State revenue forecast projects a big budget deficit in 2021, even with $0 Permanent Fund dividend

JUNEAU — A grim new prediction from the Alaska Department of Revenue forecasts a budget deficit of several hundred million dollars next year, even if Alaskans forego the annual Permanent Fund dividend.

Under the new Department of Revenue figures, the state expects to have about $4.3 billion available to spend on the budget that will be debated next year. Last month, state legislators approved $5.3 billion in spending through summer 2021, including $680 million for a $1,000 Permanent Fund dividend in 2020. What comes after that isn’t certain.

If spending were to remain constant, the next year’s deficit would be $1 billion. The deficit would be nearly $400 million with no dividend.

“We’ve got a huge problem,” said House Minority Leader Lance Pruitt, R-Anchorage.

North Slope oil prices have plunged in the past few months, falling from an average of $67 per barrel in December to an average of $25 per barrel so far this month. After July 1, the state expects prices to average $37 per barrel for a year, then rise only slowly afterward. Oil is the state’s No. 2 source of revenue (Permanent Fund earnings are No. 1), and the price crash will force significant changes.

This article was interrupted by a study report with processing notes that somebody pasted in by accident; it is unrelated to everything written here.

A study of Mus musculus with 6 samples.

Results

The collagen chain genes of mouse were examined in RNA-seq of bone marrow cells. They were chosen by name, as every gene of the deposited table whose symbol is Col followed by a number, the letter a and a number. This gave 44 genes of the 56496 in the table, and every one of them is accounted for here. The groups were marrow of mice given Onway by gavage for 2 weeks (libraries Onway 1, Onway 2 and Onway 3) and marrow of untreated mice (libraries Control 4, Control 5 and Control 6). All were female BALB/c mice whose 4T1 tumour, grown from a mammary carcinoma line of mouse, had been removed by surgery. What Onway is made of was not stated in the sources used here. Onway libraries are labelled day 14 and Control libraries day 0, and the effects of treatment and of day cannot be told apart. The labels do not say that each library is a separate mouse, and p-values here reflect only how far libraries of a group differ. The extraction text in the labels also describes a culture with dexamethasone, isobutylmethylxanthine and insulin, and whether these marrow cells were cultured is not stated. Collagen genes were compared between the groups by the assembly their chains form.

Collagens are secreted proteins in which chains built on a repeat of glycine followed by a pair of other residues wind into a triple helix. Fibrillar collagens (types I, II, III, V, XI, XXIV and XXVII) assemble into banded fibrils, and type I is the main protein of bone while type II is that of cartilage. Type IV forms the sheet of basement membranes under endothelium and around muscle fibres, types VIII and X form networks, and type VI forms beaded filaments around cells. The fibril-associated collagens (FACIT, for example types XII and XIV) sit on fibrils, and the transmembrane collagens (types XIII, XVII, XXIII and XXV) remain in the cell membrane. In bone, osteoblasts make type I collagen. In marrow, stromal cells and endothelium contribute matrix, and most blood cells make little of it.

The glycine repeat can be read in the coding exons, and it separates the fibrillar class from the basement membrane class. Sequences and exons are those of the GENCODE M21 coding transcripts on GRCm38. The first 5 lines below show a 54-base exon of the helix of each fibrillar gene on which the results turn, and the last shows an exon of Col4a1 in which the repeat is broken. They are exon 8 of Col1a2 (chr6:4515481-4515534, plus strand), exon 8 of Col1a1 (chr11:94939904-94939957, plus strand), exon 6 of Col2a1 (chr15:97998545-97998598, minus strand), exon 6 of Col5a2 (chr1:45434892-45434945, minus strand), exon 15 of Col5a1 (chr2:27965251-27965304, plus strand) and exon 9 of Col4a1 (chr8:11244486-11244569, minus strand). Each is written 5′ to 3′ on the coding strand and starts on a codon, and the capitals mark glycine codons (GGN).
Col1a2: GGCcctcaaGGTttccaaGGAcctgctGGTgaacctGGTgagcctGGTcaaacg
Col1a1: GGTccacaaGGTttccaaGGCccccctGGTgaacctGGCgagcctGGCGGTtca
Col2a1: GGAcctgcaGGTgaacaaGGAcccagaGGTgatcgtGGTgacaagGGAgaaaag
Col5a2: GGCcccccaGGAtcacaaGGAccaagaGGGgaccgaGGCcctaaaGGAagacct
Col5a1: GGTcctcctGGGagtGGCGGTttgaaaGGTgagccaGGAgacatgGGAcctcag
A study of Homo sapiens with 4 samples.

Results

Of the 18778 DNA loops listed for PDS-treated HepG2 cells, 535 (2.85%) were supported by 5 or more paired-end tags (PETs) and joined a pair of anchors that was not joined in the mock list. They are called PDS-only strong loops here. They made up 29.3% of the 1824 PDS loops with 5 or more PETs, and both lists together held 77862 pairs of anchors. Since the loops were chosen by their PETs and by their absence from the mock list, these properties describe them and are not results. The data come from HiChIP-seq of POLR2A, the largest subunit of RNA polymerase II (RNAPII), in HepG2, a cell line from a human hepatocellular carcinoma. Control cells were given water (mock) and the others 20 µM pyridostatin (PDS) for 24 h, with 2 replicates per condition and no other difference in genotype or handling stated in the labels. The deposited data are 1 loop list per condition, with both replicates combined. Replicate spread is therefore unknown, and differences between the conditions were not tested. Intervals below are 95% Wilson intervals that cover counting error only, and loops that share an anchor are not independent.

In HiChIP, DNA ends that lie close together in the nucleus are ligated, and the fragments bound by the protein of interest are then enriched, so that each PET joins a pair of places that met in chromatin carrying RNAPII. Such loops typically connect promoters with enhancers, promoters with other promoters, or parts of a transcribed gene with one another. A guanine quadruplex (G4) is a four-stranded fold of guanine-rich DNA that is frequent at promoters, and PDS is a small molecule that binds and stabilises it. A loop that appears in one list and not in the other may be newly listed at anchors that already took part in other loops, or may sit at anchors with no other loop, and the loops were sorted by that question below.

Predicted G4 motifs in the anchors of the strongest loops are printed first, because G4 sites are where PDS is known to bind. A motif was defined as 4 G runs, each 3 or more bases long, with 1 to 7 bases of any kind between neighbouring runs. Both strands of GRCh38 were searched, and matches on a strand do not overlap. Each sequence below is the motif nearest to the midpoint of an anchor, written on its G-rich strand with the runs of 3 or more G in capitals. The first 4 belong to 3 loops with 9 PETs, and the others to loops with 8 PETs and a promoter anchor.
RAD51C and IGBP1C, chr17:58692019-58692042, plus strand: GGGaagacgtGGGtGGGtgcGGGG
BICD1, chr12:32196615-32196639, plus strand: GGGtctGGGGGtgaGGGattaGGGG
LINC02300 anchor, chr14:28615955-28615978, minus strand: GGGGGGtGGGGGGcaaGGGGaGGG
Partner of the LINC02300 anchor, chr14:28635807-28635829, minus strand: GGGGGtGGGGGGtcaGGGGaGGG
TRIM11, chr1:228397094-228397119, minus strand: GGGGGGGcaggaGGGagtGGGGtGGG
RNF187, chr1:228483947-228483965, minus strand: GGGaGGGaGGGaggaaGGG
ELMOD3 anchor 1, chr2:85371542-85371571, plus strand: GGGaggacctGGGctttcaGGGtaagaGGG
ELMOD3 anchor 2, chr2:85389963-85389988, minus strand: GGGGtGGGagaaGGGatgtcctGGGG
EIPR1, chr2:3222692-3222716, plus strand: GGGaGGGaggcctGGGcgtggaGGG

“There’s no question the revenue picture in Alaska is bleak, particularly when you factor in that our primary (savings) account is depleted and probably isn’t enough to survive the budget that we’re accustomed to,” said Speaker of the House Bryce Edgmon, I-Dillingham.

Preliminary estimates by the nonpartisan Legislative Finance Division indicate the state’s Constitutional Budget Reserve will contain about $400 million by summer 2021, but the reserve may also be used for the COVID-19 pandemic.

“We don’t know. That’s the problem,” Pruitt said.

Last month, Gov. Mike Dunleavy requested $1 billion in state spending: Lawmakers have approved a little over $88 million so far.

“We were fortunate to have savings to rely on for the last six years, seven years. We are in the last year of those savings, and they are no longer available,” said Pat Pitney, director of the nonpartisan Legislative Finance Division and budget director under former Gov. Bill Walker.

When budget debates begin next year, legislators and Dunleavy will have limited options: shift costs to cities and boroughs, cut state spending, additional spending from the Alaska Permanent Fund’s earnings reserve, or higher taxes.

“That’s the way it’s looking to me,” said Sen. Donny Olson, D-Golovin and a minority member of the Senate Finance committee.

Pruitt said he expects legislators to pick more than one option.

Olson added that an oil-tax ballot measure earmarked for a statewide vote this fall could change the equation somewhat, but he believes that regardless of the outcome, lawmakers will be looking at new options for revenue.

In a weekend letter to Dunleavy, Sen. Shelley Hughes, R-Palmer, said the governor should maximize the amount of spendable money in the Permanent Fund so lawmakers can cut spending over several years, creating a glideslope downward.

“We need a slope, not a cliff, Mr. Governor," Hughes wrote.

State spending, excluding the dividend and adjusted for inflation, has been slashed since its $8 billion peak in 2013, and Olson believes additional significant cuts are impossible.

Anyone who thinks otherwise “has their heads in the sand," he said.